SpaceX started the week by launching another of group of satellites into orbit around the Earth. The actual satellite launch appears to have gone according to plan, with another 60 SpaceX satellites put into orbit this morning. However, the same can not be said for the launch as a whole, as the first-stage Falcon 9 booster that those satellites rode on failed to land successfully back on Earth.
Like many recent SpaceX missions, the initial launch is just one part of the spectacle. SpaceX has made a name for itself by landing its boosters after they detach from the payload, allowing them to be used again in future missions. Typically, those boosters land on drone ships out at sea, but today, the Falcon 9 booster missed the landing pad and took a dip in the ocean.
According to a SpaceX post on Twitter, the booster had successfully flown in three missions before: the CRS-17 mission in May 2019, the CRS-18 mission in July 2019, and finally, the JCSAT-18/Kacific1 mission in December 2019. Originally, today’s mission was scheduled to happen on February 15th, but it was delayed twice to this morning.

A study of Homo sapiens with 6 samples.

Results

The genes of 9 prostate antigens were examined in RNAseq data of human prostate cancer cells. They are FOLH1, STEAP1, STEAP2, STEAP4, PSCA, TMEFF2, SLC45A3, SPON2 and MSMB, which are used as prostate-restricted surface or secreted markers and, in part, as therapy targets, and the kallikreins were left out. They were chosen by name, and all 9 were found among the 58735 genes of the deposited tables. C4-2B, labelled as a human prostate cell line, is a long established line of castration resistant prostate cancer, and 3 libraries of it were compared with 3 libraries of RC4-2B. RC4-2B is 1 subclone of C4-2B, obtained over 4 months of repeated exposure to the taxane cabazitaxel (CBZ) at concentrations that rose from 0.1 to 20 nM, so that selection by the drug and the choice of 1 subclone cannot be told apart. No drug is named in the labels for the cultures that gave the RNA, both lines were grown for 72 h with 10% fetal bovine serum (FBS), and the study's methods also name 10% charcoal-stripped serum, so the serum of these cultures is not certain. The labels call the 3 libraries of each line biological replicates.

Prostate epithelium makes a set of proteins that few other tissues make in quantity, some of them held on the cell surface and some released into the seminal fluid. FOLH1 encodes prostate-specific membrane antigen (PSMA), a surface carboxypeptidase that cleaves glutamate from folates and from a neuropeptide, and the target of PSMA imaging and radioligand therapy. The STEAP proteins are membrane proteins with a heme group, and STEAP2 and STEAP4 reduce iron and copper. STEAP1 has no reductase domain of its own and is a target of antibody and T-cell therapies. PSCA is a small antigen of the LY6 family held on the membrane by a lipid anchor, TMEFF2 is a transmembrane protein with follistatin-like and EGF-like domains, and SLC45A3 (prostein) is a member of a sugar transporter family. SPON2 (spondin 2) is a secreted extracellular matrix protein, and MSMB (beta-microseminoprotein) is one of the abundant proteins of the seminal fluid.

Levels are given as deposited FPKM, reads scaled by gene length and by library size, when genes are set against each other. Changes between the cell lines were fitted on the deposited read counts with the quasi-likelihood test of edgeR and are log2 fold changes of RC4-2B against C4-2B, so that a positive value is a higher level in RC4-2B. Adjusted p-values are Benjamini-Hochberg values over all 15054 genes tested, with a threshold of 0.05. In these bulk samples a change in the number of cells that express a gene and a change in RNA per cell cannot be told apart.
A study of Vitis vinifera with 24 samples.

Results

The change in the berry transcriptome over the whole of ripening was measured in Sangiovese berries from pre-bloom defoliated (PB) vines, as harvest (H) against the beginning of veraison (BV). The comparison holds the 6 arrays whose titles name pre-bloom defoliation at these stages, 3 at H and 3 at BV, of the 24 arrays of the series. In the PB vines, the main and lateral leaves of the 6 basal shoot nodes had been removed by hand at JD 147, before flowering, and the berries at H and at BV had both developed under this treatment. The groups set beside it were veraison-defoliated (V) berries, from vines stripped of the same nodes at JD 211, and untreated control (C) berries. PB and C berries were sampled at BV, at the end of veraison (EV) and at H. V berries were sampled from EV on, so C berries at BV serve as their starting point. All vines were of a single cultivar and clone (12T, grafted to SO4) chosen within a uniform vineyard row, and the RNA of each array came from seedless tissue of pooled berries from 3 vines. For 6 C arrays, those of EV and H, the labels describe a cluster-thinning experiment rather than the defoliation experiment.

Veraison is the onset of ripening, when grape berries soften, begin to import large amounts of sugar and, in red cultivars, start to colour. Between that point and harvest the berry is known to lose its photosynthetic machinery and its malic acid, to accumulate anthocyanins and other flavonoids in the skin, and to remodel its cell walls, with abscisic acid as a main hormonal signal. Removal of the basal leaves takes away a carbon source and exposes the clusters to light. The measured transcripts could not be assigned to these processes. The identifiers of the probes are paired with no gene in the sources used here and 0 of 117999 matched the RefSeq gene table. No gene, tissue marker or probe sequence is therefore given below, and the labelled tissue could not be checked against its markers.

Despite the fact that the booster landed in the ocean, this may not be its final mission. As Space.com points out, SpaceX is at least hoping that the landing in the ocean was a “soft” one, which could potentially mean that it’s in one piece and can still be used – assuming, of course, that nothing was damaged when it missed the landing pad.
In any case, though the booster landing failed, the overall mission did not. SpaceX added another 60 satellites to its constellation today, bringing the total number that’s in orbit up to 300. With the goal of using these satellites to provide internet service, it won’t be long before we see the launch of more of them, but for now, you can view the live stream from today’s mission in the video embedded above.